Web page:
John Pomphrey, conductor of the St Ann’s Hospice Festival Choir, talks exclusively about how music touches the lives of so many at St Ann’s.
St Ann’s Festival Choir is a force to be reckoned with, raising more than £500,000 for the Hospice since it began in 1991. It’s a career that includes two performances on the inaugural Songs of Praise, partnerships with the BBC Philharmonic and Hallé Orchestras, concerts in Manchester’s magnificent Cathedral and a Christmas album. It can also boast the first live broadcast from The Bridgewater Hall. Co-founder, conductor and choral master, John Pomphrey, talks to Belinda Hanks exclusively about how music touches the lives of so many at St Ann’s.
LEFT: The choir’s popular annual Christmas Concert at the Bridgewater Hall
Music can bring incredible joy to people’s lives. Do you agree?
Yes absolutely. Music is just an incredible way to bring people together. Some people in the choir are dealing with illness or bereavement so it’s an emotional thing for us all. I have a big pile of letters written to me from people about the choir. You realise the choir is not just making music and raising money, but letting people know all about St Ann’s.
When did you first fall in love with music?
“As a child. I’ve always been passionate about choral music since I became the male boy choir conductor in Stretford. I trained in piano and singing at the Royal Northern College of Music but decided early on I wanted to teach.”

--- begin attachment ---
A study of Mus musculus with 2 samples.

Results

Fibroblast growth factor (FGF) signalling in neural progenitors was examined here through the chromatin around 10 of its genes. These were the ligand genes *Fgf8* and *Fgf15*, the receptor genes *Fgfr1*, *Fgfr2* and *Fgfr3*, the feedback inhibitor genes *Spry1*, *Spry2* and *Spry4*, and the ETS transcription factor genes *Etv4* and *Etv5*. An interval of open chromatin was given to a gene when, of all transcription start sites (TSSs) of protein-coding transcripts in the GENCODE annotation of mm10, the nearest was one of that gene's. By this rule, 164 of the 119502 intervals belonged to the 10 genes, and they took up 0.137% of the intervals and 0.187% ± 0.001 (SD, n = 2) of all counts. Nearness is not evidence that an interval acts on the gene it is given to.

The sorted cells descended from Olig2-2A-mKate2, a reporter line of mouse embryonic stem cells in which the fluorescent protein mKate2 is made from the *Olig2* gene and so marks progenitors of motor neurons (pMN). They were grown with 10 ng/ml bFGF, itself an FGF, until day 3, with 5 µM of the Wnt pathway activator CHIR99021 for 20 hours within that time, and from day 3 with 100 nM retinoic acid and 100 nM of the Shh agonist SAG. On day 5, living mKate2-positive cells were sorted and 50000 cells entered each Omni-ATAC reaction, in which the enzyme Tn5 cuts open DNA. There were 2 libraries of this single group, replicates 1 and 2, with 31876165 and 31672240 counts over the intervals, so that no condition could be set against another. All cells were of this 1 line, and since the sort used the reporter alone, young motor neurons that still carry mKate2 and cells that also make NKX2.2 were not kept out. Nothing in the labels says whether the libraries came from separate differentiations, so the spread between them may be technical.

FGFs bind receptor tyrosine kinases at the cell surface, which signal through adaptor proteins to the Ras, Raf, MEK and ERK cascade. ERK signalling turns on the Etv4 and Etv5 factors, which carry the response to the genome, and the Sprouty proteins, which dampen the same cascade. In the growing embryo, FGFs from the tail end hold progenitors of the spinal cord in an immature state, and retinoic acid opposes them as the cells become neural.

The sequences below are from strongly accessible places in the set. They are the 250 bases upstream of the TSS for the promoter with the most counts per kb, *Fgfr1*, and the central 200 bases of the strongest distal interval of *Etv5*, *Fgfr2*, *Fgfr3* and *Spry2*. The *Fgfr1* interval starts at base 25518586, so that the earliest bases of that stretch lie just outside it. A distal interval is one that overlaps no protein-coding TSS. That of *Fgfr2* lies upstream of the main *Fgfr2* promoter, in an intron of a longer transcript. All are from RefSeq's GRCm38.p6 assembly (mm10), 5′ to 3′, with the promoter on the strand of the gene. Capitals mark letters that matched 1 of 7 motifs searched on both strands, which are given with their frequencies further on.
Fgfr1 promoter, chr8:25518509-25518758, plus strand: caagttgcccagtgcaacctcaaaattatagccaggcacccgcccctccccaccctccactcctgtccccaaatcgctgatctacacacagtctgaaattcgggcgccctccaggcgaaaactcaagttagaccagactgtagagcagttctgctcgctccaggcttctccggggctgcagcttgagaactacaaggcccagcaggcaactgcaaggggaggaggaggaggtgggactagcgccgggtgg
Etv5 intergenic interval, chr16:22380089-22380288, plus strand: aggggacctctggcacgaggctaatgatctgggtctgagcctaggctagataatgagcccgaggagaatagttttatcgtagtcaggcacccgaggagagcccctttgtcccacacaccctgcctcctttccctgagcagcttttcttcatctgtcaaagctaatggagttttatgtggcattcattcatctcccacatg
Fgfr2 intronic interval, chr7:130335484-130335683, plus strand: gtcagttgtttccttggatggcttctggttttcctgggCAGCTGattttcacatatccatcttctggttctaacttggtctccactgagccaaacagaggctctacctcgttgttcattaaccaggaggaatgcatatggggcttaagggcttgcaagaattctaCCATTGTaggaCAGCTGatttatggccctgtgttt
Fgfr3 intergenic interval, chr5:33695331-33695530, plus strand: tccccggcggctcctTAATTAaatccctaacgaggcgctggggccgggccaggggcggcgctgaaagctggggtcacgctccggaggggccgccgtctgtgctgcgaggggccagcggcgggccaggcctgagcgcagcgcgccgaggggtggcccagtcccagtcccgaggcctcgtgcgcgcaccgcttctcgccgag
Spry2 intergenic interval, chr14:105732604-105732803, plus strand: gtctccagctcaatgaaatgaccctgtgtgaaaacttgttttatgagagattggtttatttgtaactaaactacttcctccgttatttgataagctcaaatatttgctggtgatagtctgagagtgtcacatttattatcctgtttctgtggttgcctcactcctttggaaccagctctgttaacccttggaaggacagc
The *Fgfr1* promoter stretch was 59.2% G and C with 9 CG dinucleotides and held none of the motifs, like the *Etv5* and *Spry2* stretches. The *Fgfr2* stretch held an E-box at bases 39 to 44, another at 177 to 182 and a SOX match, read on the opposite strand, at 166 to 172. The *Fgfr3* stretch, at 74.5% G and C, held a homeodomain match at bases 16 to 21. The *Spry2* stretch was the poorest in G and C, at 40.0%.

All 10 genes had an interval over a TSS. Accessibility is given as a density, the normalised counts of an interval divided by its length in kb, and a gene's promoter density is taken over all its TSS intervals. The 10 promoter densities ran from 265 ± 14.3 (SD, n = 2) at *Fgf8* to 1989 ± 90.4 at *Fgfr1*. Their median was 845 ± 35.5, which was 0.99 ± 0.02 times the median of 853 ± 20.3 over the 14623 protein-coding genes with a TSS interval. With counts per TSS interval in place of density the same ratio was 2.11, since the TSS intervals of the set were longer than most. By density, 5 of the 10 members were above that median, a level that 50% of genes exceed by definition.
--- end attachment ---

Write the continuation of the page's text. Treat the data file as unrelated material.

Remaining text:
It’s a tough job, but somebody has to do it.
“[laughs] Yes. For more than 40 years. I was also assistant chorus master for the Hallé Choir and director of the Maia Singers.”
So how did the Festival Choir begin?
“It was a chance phone call. I was about to retire and was asked to conduct Voices For Hospices in 1991, which was the first national choral event to encourage local choirs to sing Haydn’s The Creation and Handel’s Messiah in aid of local hospices. We did it again in 1993. It was so successful I just had to speak to director of fundraising and said ‘we’ve started something and can’t let it go’. By 1994 the Hospice choir was founded.”
How many people are now involved?
“185. And many have some connection with the Hospice. I think they like the idea of coming together to raise money through singing. The youngest is 25, but I daren’t hazard a guess as to the oldest.”
Most memorable moment?
“The first ever live broadcast from the Bridgewater Hall. It’s an incredible venue. Such a great attraction for Manchester and a place few choirs can afford to play.”
How do you choose the songs and control all those people?
“I don’t have a set idea. Rehearsals are a real challenge. You have to plan carefully so they enjoy it. And I’m conscious that people have given up 9 weeks to rehearse. “
Can anyone join?
“There is a short audition and we have a rolling programme of voice appraisal for existing members.”